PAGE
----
On this day in 2014 the Supreme Court announced its opinion in Schuette v. Coalition to Defend Affirmative Action.
The case involved a 2006 amendment to the Michigan constitution, approved by a statewide referendum, that prohibited “all sex- and race-based preferences” in public education, employment, and contracting. The referendum was organized in response to Grutter v. Bollinger, the Supreme Court’s 2003 decision upholding the University of Michigan Law School’s use of affirmative action. Following passage of the amendment, an alliance of progressive interest groups—the Coalition to Defend Affirmative Action, Integration and Immigration Rights and Fight for Equality by Any Means Necessary—challenged the amendment in court, claiming that it violated the Equal Protection Clause of the Fourteenth Amendment.
The Court denied the challengers’ claim. Six justices agreed that Michigan’s amendment did not run afoul of the U.S. Constitution, although they divided on their reasoning. Writing the opinion of the Court, Justice Kennedy insisted that the case was not about the constitutionality of using race as a factor in determining admissions, but whether states can choose to prohibit race preferences. This issue should be determined by the voters, Kennedy insisted, and nothing in the Constitution prevented them from concluding that government use of race classifications could “perpetuate the same racism such policies were meant to alleviate.”
The case produced several concurring opinions. Justice Scalia made clear his belief that the Equal Protection Clause not only did not prevent Michigan from adopting this policy, but that it required them to do so. Justice Breyer, who unlike the other justices in the majority had been a consistent defender of the constitutionality of affirmative action, wrote his own concurrence, emphasizing that regardless of one’s view on affirmative action, this was a matter that Michigan’s voters should be allowed to decide for themselves.
Justices Sotomayor and Ginsburg dissented. (Justice Kagan had worked on this case when she was Solicitor General and recused herself.) Justice Sotomayor wrote the dissenting opinion on behalf of herself and Justice Ginsburg, and, for the first time in her five years on the Supreme Court, she chose to read her dissent from the bench. In previous postings on this blog, I analyzed in some detail Sotomayor’s first oral dissent. Most of the remainder of this post draws from from those previous posts (available in full here and here):
That Justice Sotomayor chose this particular case for her first oral dissent makes sense. As various media accounts have noted, she has been outspoken in her support for affirmative action programs. In her memoir, Justice Sotomayor recognized that affirmative action played a critical role in her own life. During oral arguments in the Schuette case, she was particularly aggressive in challenging the lawyer defending the affirmative action ban. Her lengthy written dissent, which was joined by Justice Ginsberg, is impassioned and direct. Considering all this, it would be more surprising if she had chosen not to announce her dissent from the bench.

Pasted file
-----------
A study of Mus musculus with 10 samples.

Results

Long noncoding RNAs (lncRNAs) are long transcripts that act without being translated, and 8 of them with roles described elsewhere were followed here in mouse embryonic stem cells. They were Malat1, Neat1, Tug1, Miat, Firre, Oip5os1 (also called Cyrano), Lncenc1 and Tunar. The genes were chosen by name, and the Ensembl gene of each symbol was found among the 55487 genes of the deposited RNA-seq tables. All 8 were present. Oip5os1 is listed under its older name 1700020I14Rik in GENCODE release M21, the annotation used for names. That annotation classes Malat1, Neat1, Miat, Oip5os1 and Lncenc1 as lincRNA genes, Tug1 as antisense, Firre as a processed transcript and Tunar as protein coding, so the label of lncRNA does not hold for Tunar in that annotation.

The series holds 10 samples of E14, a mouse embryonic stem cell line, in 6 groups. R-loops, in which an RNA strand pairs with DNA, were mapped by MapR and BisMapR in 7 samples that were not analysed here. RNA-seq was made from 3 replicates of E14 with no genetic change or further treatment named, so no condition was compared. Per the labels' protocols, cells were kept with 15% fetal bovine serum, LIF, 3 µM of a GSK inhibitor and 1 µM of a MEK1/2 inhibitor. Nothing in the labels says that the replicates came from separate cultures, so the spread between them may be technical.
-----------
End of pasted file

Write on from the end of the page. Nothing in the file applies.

Justice Sotomayor’s announcement runs about twelve minutes. She reads her statement in a tone that is careful, controlled, as well as clearly frustrated with the direction the Court has taken. She draws the language of her bench dissent from excerpts of her written opinion, with some reordering of arguments and minor editing.
Toward the end of her bench announcement (at about 9:40 in the audio), however, she shifts gears, arguing why she believes there is still a need for race-conscious admissions policies in universities. Here she reads excerpts from the most controversial portion of her written dissent. This is the section in which she challenges her colleagues for “question[ing] the wisdom of using race sensitive admissions policies in the first place.” This is the section that moved Chief Justice Roberts to write a concurring opinion specifically to rebut her characterization of the majority’s position….
According to Adam Liptak of the New York Times, “[s]everal of her colleagues seemed tense, impatient and grim as she spoke.”) She concluded her inaugural oral dissent by reading this impassioned language from the text of her written dissent:
The way to stop discrimination on the basis of race is to speak openly and candidly on the subject of race, and to apply the Constitution with eyes open to the unfortunate effects of centuries of racial discrimination. As members of the judiciary tasked with intervening to carry out the guarantee of equal protection, we ought not sit back and wish away, rather than confront, the racial inequality that exists in our society. It is this view that works harm, by perpetuating the facile notion that what makes race matter is acknowledging the simple truth that race does matter, and that it has influenced and continues to influence voters’ decisions to deny minorities meaningful and equal access to the political process.
Chief Justice Roberts wrote a short concurrence to take issue with Justice Sotomayor’s effort to frame the case as about the constitutionality of affirmative action rather than about deference to the decision making of Michigan’s voters. He wrote: “To disagree with the dissent’s views on the costs and benefits of racial preferences is not to ‘wish away, rather than confront’ racial inequality. People can disagree in good faith on this issue, but it similarly does more harm than good to question the openness and candor of those on either side of the debate.”